Hans Sachs



(häns zäks), 1494–1576, German poet, leading meistersingermeistersinger
[Ger.,=mastersinger], a member of one of the musical and poetic guilds that flourished in German cities during the 15th and 16th cent. The guilds or schools comprised chiefly artisans who claimed artistic descent from the courtly minnesingers.

Sachs, Hans

 

Born Nov. 5, 1494, in Nuremberg; died there Jan. 19, 1576. German poet and composer.

Sachs attended a Latin school. In 1520 he became a master cobbler. He was an actor and the director of an amateur troupe. Expanding the poetic horizons of the meistergesang, he culled his subjects from life, from classical, medieval, and Renaissance literary sources, from popular books, and from anecdotes of the marketplace. Sachs wrote more than 6,000 works and was the author of the words and music for many songs. In his charming Fastnachtsspiele (Shrovetide plays), with their touching naïveté characteristic of popular literature, and in his Schwanken (short narrative songs), he depicted with humor the simple-mindedness of peasants, family quarrels, the profligacy of Catholic clerics, the riotous conduct of the lansquenets, and the amusing pranks of clever tramps. Best known are his farces The Schoolboy in Paradise and The Peddler’s Basket. Sachs condemned the growth of self-interest and the dissension among the princes, but his moralizing is not without philistine features. Sachs was the inspiration for the main character in operas by A. Jirovec, A. Lortzing (Hans Sachs, 1834) and R. Wagner (Die Meistersinger von Nürnberg, 1868).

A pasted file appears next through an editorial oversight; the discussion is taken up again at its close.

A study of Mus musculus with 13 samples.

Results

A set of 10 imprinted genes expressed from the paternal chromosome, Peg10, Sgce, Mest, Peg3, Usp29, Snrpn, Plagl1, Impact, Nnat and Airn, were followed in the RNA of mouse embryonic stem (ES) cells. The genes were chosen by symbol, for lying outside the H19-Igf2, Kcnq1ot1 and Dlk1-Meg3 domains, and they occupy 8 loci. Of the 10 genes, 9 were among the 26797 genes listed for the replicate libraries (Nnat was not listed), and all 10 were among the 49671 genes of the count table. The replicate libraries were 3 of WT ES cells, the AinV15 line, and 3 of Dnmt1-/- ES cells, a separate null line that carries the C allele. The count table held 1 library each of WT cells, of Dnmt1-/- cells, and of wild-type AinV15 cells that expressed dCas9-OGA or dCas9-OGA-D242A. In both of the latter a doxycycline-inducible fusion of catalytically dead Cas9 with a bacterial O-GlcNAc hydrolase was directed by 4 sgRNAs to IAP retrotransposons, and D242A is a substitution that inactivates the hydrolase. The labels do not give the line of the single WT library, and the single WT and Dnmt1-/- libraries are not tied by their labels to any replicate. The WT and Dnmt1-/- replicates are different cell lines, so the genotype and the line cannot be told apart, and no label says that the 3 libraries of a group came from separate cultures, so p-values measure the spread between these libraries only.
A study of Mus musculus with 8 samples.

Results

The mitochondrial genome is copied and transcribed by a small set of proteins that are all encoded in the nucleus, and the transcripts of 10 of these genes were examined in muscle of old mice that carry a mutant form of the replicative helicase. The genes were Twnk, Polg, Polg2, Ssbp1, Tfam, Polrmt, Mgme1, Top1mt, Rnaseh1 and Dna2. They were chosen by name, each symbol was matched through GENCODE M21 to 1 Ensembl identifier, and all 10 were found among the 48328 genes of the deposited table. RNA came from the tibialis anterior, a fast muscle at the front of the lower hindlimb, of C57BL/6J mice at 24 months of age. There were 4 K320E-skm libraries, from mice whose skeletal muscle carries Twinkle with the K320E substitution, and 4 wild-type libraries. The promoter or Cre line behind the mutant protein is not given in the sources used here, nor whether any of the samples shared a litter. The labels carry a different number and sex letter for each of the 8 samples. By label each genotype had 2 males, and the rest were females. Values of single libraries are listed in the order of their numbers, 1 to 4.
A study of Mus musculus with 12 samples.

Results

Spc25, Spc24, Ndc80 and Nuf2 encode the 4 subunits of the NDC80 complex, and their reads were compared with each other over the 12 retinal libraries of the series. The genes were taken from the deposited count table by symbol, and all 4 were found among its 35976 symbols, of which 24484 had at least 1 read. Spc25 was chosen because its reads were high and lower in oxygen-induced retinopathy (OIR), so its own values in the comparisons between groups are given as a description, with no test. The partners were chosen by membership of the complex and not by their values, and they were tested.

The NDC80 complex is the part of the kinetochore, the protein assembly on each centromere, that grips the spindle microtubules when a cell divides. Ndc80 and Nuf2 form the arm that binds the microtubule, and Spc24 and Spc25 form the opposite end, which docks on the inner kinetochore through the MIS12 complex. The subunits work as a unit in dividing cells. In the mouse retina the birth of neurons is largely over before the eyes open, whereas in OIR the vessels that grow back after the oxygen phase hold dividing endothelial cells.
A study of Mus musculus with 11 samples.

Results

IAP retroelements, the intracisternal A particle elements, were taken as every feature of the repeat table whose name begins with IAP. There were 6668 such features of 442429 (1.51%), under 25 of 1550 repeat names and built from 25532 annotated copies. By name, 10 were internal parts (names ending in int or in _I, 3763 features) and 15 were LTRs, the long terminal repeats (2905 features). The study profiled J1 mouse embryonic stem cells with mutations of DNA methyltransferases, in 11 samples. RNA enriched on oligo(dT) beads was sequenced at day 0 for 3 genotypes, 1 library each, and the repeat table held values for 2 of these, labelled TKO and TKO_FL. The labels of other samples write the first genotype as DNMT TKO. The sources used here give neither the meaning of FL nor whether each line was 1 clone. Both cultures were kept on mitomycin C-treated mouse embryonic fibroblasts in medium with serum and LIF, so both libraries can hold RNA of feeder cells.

WORKS

Werke, vols. 1–2. Edited by K. M. Schiller. Weimar, 1960.
In Russian translation:
Izbrannoe. Moscow-Leningrad, 1959.

REFERENCES

Istoriia nemetskoi literatury, vol. 1. Moscow, 1962.
Genée, R. Hans Sachs undseine Zeit, 2nd ed. Leipzig, 1902.
Geiger, E. Der Meistergesang des Hans Sachs. Bern, 1956.

B. I. PURISHEV

References in periodicals archive ?
Furniture carpentry work for the nursing home Wels Hans Sachs street.
In all four versions of the story--the Volksbuch, Hans Sachs, the play published in 1620, and Old Fortunatus--the impoverished Fortunatus is alone in the wood when Fortune appears, hut Echo, who repeats fragments of Fortunatus's lament, is "present" only in Old Fortunatus and the 1620 text.
In 1961, Hans Sachs, assuming that the collection had been destroyed, accepted compensation of about 38,000 dollars.
One of the best-known Shrovetide plays by Hans Sachs, his Der farendt Schuler im Paradeiss (1550), offers a slightly different perspective, yet also confirms the overall observations.
Durer's own poetry is, Professor Price tells us, in a populist idiom, comparable to that of Hans Sachs, the Meistersinger, but, at its best, it is by no means negligible.
In French, Schoell writes on groups and individuals; Jelle Koopmans on French farce; Maria Jose Palla on Gil Vicente; Marie Lesaffre and Danielle Buschinger on Hans Sachs.
The revival of Meistersinger, which I saw November on 20th, represented the first time that the great Wagnerian basso James Morris undertook the central role of Hans Sachs in New York.
Scoloker's tract is itself a translation of a 1524 Lutheran dialogue by Hans Sachs (Ibid.
As the author of the present work points out, in Germany it exhibits continuities that link Martin Luther and Hans Sachs with Adolph Hitler and Bertold Brecht (p.
While the Malleus sprang from a chiefly misogynist view and served to justify and perpetuate a patriarchal, celibate church hierarchy, Brauner demonstrates that the writings of Martin Luther and two 16th century playwrights, Paul Rebhun and Hans Sachs, came from a need to justify the emerging role of the submissive housewife.
Atlas was selected over other offerings for its high performance OTDR (optical time domain reflectometer), the functionality of its software and the ability to control a remote optical switch over the network," said Hans Sachs, Deutsche Telekom project leader.